When it comes to climate change, we tend to take a rather reactive approach, with discussions often revolving around the most pressing climate needs of the moment. We find ourselves asking questions like how many years we’ve got left or how much carbon emission we’ve been putting out since 2016. How much sea levels have risen by. Which animal is going extinct this year. 

Consequently, such climate discussions never take a proactive approach and seek to understand the big picture. We’re never asking about the “why” when it comes to the factors resulting in climate change. Not why, as in why companies need to pollute so much — we all know the big green dollar-signed reason for that — but instead, why we do so much to our earth without taking into account the consequences. 

The answer to the last question requires a bit more digging into the archives of environmental ethics but, eventually, you’ll find yourself with a slew of terms such as liberation and welfare, instrumental value, ecofeminism, or anthropocentrism. That last one is particularly important when investigating why we treat the earth the way we do. 

Anthropocentrism, taken literally, means humans at the centre. As one of the most well-known concepts of the environmental ethics world, anthropocentrism derives from the belief that humans, and only humans, possess intrinsic value. 

On such grounds, this ethos thus claims that we are naturally above all other entities, like plants and water and animals, and therefore, by process of hierarchy, are entitled to use them. It’s a little like those medieval-times feudalism pyramid diagrams that we’ve all seen a thousand times in middle school history class, where man — yes, man alone, not woman, who’s one step below — stands at the very top. Man is the king, the monarch, ruler of the peasants — and most importantly, of the natural world.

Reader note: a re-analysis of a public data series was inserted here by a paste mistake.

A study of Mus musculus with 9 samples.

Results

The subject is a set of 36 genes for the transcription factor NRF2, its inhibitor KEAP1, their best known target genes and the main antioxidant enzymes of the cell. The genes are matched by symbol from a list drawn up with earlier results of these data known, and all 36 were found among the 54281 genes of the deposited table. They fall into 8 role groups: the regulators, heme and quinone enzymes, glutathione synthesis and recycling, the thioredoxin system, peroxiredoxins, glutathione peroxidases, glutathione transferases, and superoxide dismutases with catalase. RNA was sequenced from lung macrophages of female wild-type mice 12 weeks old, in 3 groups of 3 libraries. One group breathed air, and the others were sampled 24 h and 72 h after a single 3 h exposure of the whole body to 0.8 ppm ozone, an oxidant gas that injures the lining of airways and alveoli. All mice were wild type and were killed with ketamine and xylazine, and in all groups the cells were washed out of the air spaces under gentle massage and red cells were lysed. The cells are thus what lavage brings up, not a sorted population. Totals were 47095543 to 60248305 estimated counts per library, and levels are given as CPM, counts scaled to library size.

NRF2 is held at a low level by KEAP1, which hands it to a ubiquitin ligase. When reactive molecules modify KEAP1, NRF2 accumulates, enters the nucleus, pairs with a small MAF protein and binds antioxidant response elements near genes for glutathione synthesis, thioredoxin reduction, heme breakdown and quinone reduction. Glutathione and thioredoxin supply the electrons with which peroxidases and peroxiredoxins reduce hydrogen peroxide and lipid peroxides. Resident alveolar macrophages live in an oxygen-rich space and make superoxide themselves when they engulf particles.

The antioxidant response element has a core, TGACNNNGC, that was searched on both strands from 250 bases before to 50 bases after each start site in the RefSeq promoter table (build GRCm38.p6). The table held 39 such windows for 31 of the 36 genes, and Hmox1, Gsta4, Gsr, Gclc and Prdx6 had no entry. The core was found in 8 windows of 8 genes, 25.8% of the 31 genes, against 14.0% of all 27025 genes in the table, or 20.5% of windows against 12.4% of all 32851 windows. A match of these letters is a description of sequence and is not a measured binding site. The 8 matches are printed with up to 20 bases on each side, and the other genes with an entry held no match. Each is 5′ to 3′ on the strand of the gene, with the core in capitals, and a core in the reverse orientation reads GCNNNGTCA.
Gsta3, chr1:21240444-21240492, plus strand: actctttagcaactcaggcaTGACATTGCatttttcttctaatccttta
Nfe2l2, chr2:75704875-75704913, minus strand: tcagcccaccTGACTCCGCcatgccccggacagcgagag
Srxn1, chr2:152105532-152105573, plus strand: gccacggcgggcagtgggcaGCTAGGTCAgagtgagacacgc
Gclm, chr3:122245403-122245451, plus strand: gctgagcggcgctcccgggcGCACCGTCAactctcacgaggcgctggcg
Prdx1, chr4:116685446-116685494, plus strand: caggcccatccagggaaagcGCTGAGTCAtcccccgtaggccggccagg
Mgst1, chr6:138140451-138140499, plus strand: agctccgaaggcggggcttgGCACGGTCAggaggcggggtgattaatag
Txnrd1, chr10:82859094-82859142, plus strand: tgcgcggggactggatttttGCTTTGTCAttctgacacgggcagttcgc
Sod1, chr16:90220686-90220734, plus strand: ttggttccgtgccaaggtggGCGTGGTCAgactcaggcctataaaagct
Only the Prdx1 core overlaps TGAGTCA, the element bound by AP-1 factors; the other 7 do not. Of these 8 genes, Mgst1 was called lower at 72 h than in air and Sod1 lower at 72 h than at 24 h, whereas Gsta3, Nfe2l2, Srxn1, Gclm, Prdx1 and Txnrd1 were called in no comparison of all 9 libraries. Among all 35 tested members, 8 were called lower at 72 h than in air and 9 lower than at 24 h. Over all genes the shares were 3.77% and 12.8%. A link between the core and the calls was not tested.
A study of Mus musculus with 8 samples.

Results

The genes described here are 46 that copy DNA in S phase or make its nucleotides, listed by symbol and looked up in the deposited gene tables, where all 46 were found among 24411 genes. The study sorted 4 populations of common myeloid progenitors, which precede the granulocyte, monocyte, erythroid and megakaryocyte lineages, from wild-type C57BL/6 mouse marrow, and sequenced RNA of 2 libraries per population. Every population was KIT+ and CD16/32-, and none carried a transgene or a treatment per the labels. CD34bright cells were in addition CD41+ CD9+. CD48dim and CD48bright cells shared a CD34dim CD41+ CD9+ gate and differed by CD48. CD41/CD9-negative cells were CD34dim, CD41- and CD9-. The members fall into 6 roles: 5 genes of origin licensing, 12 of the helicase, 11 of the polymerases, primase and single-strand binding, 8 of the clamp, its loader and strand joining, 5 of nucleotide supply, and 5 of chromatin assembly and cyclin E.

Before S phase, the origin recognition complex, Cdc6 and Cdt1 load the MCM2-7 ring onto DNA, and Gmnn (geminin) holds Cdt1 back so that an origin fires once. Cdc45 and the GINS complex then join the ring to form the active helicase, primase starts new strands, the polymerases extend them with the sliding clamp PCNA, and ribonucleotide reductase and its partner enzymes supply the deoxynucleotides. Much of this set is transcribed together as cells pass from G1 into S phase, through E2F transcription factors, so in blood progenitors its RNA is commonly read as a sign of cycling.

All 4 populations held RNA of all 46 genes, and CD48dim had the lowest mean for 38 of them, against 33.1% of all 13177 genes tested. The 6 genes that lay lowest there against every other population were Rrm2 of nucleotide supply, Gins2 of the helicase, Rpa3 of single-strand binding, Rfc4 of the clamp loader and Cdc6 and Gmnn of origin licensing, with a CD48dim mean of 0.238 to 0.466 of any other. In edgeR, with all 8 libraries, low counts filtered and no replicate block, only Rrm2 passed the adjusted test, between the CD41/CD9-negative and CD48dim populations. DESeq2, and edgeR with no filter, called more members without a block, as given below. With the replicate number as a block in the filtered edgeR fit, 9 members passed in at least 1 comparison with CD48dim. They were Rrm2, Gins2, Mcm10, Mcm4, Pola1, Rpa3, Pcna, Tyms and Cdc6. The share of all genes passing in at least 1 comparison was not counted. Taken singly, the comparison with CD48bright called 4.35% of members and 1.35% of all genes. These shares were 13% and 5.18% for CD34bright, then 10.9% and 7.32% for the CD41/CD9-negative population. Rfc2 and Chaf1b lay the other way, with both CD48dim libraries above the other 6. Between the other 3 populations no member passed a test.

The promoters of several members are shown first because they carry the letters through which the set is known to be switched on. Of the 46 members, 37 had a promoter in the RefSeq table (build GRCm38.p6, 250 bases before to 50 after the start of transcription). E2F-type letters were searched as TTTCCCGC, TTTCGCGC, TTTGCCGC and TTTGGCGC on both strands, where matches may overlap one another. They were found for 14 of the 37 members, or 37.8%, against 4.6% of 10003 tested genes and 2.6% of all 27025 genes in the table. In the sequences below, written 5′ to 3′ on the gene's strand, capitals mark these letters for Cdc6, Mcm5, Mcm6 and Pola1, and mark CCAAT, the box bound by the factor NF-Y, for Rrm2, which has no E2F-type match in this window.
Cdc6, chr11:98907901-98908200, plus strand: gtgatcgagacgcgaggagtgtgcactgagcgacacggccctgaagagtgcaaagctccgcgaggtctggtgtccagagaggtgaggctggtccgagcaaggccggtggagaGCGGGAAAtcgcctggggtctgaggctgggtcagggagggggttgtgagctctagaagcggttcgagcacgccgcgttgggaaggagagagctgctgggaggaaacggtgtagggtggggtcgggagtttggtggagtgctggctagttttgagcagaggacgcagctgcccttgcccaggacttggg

Going hand in hand with industrialization, modernization, and the technology boom over the last two hundred years, anthropocentric thought has been used to perpetuate environmental destruction. 

Put simply, it’s a philosophical justification for resource exploitation. When animals and biomes are not seen as our living counterparts, but rather as tools at our disposal, there’s an intrinsic motivation to abuse them. Consequently, whatever maltreatment we inflict upon them is more or less okay because we benefit from it — and as anthropocentrism dictates, we’re more important anyway. As author Haydn Washington would say, we portray ourselves as the “owners” of nature.

When we apply the concept of anthropocentrism to modern society, it explains why we engage in the mass extraction, destruction, and exploitation of the world and its structures. From the smallest phenomena like the man-induced extinction of the dodo bird, up to global issues of deforestation and air pollution, we find ourselves in a constant loop of taking more and more, with little to no remorse or thoughts of what we give to the earth in exchange for what we take. 

We commit practices of cosmetic animal testing and excessive ocean trawling, horrifying treatment of poultry and destructive nonrenewable energy mining, and the current rationale of anthropocentrism allows it — justifies it even, because all this land and water and air is allegedly meant to be ours. 

This isn’t to say that anthropocentrism is the direct cause of environmental destruction. Rather, anthropocentrism is one of many explanations for how we as humans view our natural environment, and why we choose to act upon it the way we do. 

But with that being said, it’s time we realize just how unsustainable this belief is. The modern world is so intensely focused on economic growth and taking industrialization to the next level that it ignores the state of every other living being on this planet. While the last century has been a significant era for the expansion of technology and human capability, it’s also seen perhaps the greatest worldwide loss of habitat and species, and the greatest acceleration of climate change in history. For the first time, this phenomenon is human driven — and not in a positive way. 

For the better half of the last hundred years, it has been about humans and only humans. Even as the tides begin to change in favour of environmental preservation, and climate change awareness ramps up higher than ever, there is an even bigger need to shift our thinking away from the one-dimensional plane we’ve been on for so long. Only then will efforts to address the climate crisis really be effective.

Isabella Liu is a second-year student at Victoria College studying international relations, public policy and environmental studies. She is an associate comment editor at The Varsity.